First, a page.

India and the US are part of a number of initiatives in the Indo-Pacific region including trilateral dialogue with Japan

NEW DELHI: Republican Senator Cory Gardner has recently introduced a bipartisan legislation in the US Senate that seeks to grow US influence in the Indo-Pacific region and promote free and open markets based on international rules through a multi-faceted policy framework, a move that could strengthen India-US partnership in the Indo-Pacific region to counter-balance China's moves.

"This initiative is a generational approach that will put American interests first by reassuring our allies, deterring our adversaries and securing US leadership in the region for future generations,” said Sen. Gardner, chairman of the US Senate Foreign Relations Subcommittee on East Asia, the Pacific, and International Cyber Security Policy while introducing the legislation.

India and the US are part of a number of initiatives in the Indo-Pacific region including trilateral dialogue with Japan (last edition was held here in April), trilateral naval exercise Malabar, also involving Japan (whose next edition is scheduled in June near Guam) and Quadrilateral (comprising US-India-Australia-Japan).

Last February, India-US-Japan also held a dialogue on building infrastructure in the Indo-Pacific region. This bill is significant amid US-China trade war and US interest to re-join Trans Pacific Partnership. Interestingly, the legislation was introduced three days ahead of the Sino-Indian Summit in Wuhan.

Senator Gardner on April 24 introduced the Asia Reassurance Initiative Act (ARIA), S. 2736, after holding four subcommittee hearings in 2017 on developing a US policy framework for the Indo-Pacific region. US Senator Todd Young (Republican) and Ed Markey (Democrat), ranking member of the subcommittee, are among original cosponsors of S. 2736, which has been referred to the US Senate Foreign Relations Committee.

The legislation would include substantive US resource commitments, including the authorization of $1.5 billion annually for five years to enhance the US presence in the Indo-Pacific, and $150 million a year for five years for democracy, rule of law and civil society support, according to persons familiar with the details.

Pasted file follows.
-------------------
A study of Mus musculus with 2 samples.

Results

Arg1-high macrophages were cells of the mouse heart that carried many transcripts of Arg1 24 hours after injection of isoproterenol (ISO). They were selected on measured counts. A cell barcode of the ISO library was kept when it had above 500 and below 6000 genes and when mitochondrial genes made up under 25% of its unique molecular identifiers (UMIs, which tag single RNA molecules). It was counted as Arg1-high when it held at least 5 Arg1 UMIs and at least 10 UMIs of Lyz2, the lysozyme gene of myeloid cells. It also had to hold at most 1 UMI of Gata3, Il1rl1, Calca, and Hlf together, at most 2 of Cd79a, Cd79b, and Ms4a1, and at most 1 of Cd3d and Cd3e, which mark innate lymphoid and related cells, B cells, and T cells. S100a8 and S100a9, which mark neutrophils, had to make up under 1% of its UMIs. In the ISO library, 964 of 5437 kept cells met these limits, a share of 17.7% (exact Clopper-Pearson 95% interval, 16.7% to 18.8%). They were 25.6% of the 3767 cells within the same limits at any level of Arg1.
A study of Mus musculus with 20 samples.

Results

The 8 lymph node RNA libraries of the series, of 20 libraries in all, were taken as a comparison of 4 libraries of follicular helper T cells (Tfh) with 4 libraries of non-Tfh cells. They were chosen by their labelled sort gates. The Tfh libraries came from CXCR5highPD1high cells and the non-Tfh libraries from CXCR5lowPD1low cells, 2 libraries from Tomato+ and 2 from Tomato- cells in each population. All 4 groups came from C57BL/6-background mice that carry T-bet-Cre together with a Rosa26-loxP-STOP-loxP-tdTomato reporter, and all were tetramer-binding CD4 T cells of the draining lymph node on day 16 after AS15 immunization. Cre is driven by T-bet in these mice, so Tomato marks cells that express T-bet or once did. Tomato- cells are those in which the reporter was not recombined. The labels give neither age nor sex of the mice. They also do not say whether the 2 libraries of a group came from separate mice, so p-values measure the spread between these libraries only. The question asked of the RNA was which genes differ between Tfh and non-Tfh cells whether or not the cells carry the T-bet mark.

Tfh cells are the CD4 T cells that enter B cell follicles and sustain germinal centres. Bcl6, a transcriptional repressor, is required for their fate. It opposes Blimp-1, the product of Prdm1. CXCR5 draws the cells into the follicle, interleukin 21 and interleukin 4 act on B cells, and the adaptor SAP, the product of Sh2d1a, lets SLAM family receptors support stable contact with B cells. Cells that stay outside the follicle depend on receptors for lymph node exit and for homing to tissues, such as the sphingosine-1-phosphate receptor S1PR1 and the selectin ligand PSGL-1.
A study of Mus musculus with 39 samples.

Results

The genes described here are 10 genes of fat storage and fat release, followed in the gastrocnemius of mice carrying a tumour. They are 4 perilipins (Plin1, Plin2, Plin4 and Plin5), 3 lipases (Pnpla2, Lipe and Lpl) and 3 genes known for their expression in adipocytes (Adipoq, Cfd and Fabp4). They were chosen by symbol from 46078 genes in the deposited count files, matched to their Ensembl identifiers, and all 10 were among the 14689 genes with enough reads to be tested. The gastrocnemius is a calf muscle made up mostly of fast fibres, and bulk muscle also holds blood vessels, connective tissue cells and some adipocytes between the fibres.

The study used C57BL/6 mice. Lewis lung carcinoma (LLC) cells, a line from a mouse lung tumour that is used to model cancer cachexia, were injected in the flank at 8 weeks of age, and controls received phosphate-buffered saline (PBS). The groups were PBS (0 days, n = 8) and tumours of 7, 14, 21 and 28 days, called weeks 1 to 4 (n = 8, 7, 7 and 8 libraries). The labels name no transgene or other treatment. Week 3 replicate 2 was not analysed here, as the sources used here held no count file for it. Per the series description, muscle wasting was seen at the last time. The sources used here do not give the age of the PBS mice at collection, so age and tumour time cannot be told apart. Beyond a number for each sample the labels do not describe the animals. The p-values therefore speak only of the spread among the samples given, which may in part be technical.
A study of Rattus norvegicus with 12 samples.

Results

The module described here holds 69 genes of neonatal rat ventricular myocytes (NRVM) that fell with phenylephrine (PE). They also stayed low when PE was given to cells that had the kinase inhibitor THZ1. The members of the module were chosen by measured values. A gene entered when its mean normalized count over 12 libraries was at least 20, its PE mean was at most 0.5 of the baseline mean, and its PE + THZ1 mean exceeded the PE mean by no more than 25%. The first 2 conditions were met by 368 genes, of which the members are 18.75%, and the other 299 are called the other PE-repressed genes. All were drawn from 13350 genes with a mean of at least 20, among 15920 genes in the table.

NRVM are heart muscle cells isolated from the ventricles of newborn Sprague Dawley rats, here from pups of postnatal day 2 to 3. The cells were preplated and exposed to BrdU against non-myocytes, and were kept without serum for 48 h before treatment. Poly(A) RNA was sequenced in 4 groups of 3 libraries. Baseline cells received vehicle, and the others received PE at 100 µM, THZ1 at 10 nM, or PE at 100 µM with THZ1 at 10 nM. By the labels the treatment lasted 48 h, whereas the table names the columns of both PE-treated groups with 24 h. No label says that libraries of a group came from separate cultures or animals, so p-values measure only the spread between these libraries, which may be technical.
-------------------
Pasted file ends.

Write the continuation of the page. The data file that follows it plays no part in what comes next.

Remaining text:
“We believe that with this bipartisan vision for our Asia policy, the administration and Congress can be united on implementing a long-term strategy that will benefit American national security interests, promote American businesses and create jobs through trade opportunities and project American values of respect for the human rights and freedom that have made America the shining city upon a hill,” Sen. Gardner said.

The “American Leadership in the Asia Pacific” series of hearings that Sen. Gardner convened last year focused on security challenges, economic opportunities, human rights and US-China relations pertaining to the Indo-Pacific region. In a 2017 hearing on security challenges, Sen. Gardner noted that ISIS has established a foothold in the region and China has reclaimed 3,000 maritime acres since 2013.

Sen. Markey said on April 24 that rules-based international order would be “absolutely fundamental to global peace and security” in Asia. “This legislation reflects the region’s importance by addressing key challenges, including the peaceful denuclearisation of North Korea, prioritising reasonable and effective nonproliferation policies, promoting the freedom of navigation and overflight in maritime Asia, and defending human rights and the respect for democratic values,” Sen. Markey explained.

US Senator Marco Rubio (Republican), another cosponsor of S. 2736, said that it would be critical for the US to reaffirm its commitment to securing a free and open Indo-Pacific region amid “China’s increasingly assertive rise” there. 

“This important piece of legislation will do just that by creating a framework for the US policy throughout the Indo-Pacific region on several key areas including trade, promotion of human rights, counter terrorism programs and many other national security priorities,” Senator Rubio said, adding, “To ensure the arc of history bends toward a free and open Indo-Pacific, regional democracies will have to cooperate more, which is precisely what this legislation aims to foster.”